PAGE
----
Douglas Ginsburg

Senior Circuit Judge

U.S. Court of Appeals for the District of Columbia

Douglas Ginsburg

Senior Circuit Judge

U.S. Court of Appeals for the District of Columbia

Senior Circuit Judge Douglas Ginsburg was appointed to the United States Court of Appeals for the District of Columbia in 1986; he served as Chief Judge from 2001 to 2008. After receiving his B.S. from Cornell University in 1970, and his J.D. from the University of Chicago Law School in 1973, he clerked for Judge Carl McGowan on the D.C. Circuit and Justice Thurgood Marshall on the United States Supreme Court.

Thereafter, Judge Ginsburg was a professor at the Harvard Law School, the Deputy Assistant and then Assistant Attorney General for the Antitrust Division of the Department of Justice, as well as the Administrator of the Office of Information and Regulatory Affairs in the Office of Management and Budget. Concurrent with his service as a federal judge, Judge Ginsburg has taught at the University of Chicago Law School and the New York University School of Law. Judge Ginsburg is currently a Professor of Law at the George Mason University School of Law, and a visiting professor at the University College London, Faculty of Laws.

Judge Ginsburg is the Chairman of the International Advisory Board of the Global Antitrust Institute at the Law and Economics Center of George Mason University School of Law. He also serves on the Advisory Boards of: Competition Policy International; the Harvard Journal of Law and Public Policy; the Journal of Competition Law and Economics; the Journal of Law, Economics and Policy; the Supreme Court Economic Review; the University of Chicago Law Review; The New York University Journal of Law and Liberty; and, at University College London, both the Center for Law, Economics and Society and the Jevons Institute for Competition Law and Economics.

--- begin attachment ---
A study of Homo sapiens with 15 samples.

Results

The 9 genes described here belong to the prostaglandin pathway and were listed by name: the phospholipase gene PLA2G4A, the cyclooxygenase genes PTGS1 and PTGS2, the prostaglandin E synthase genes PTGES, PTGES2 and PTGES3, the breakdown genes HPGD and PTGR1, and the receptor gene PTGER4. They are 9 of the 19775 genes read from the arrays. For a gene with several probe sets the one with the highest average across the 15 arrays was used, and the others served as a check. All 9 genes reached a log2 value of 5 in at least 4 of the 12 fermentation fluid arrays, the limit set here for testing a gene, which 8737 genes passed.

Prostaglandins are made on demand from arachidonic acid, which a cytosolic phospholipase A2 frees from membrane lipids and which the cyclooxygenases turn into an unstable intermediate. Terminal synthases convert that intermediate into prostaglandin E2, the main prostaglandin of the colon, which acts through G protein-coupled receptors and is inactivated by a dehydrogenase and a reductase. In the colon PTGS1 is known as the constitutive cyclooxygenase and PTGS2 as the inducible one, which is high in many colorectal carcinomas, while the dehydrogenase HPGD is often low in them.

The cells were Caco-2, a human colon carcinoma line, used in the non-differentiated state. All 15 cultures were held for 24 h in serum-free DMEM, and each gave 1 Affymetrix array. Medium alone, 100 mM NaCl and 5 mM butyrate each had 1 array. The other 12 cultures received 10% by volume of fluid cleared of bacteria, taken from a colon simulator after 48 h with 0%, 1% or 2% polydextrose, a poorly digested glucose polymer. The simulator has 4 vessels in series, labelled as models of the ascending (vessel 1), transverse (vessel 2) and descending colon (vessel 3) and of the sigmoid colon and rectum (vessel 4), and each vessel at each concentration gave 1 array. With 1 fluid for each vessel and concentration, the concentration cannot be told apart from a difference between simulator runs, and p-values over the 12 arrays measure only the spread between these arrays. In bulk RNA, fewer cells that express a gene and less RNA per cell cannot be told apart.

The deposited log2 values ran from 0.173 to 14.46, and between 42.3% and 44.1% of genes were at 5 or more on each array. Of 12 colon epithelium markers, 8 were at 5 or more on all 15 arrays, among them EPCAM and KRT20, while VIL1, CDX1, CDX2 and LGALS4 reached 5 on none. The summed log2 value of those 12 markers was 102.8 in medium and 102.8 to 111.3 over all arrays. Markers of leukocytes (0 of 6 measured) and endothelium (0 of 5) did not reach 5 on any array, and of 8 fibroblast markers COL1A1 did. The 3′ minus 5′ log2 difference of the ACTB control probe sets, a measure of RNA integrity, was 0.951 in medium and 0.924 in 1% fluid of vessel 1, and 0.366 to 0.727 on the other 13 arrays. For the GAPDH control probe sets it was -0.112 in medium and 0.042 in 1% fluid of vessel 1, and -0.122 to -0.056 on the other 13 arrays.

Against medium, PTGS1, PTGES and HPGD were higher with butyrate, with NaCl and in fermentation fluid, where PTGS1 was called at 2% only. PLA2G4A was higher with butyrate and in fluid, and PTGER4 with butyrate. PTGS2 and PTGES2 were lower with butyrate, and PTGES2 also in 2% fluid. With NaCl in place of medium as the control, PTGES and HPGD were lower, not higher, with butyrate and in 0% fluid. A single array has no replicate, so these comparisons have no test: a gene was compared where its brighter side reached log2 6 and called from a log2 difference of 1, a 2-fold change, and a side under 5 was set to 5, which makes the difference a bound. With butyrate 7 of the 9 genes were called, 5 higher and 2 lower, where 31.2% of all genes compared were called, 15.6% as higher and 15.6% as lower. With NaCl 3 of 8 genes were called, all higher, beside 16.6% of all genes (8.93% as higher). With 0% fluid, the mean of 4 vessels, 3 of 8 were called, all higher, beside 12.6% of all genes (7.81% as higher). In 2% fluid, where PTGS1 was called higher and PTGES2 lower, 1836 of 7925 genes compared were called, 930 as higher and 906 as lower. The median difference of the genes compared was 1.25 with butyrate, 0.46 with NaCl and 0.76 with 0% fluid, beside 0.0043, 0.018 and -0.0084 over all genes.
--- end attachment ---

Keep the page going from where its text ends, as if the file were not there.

Contributions

Antitrust & Big Tech

June 11, 2019

A conversation about the history of antitrust law, the consumer welfare standard, and the tech giants.

Facebook, Amazon, Apple, Netflix, and Google provide extremely valuable products and services, but their size, market share, and other concerns such as user privacy have led to concerns that they are wielding too much power.

Proponents of “populist” or “hipster” antitrust advocate for limiting the size of firms. This would require changing the Consumer Welfare Standard, which has been in place since the 1970’s.

Mark Zuckerburg’s testimony before Congress in April 2018 ignited a public debate about whether and how tech companies should be regulated. That debate continues and shows no signs of resolution.

Is it time to revisit the standards used in antitrust law? Our experts explore.


Douglas Ginsburg and Joshua D. Wright

May 15, 2019

In a recent article Joe Kattan and Tim Muris (K&M) criticize our article on the predictive power of bargaining models in antitrust, in which we used two recent applications to explore implications for uses of bargaining models in courts and antitrust agencies moving forward. Like other theoretical models used to predict competitive effects, complex bargaining models require courts and agencies rigorously to test their predictions against data from the real world markets and institutions to which they are being applied. Where the “real-world evidence,” as Judge Leon described such data in AT&T/Time Warner, is inconsistent with the predictions of a complex bargaining model, then the tribunal should reject the model rather than reality.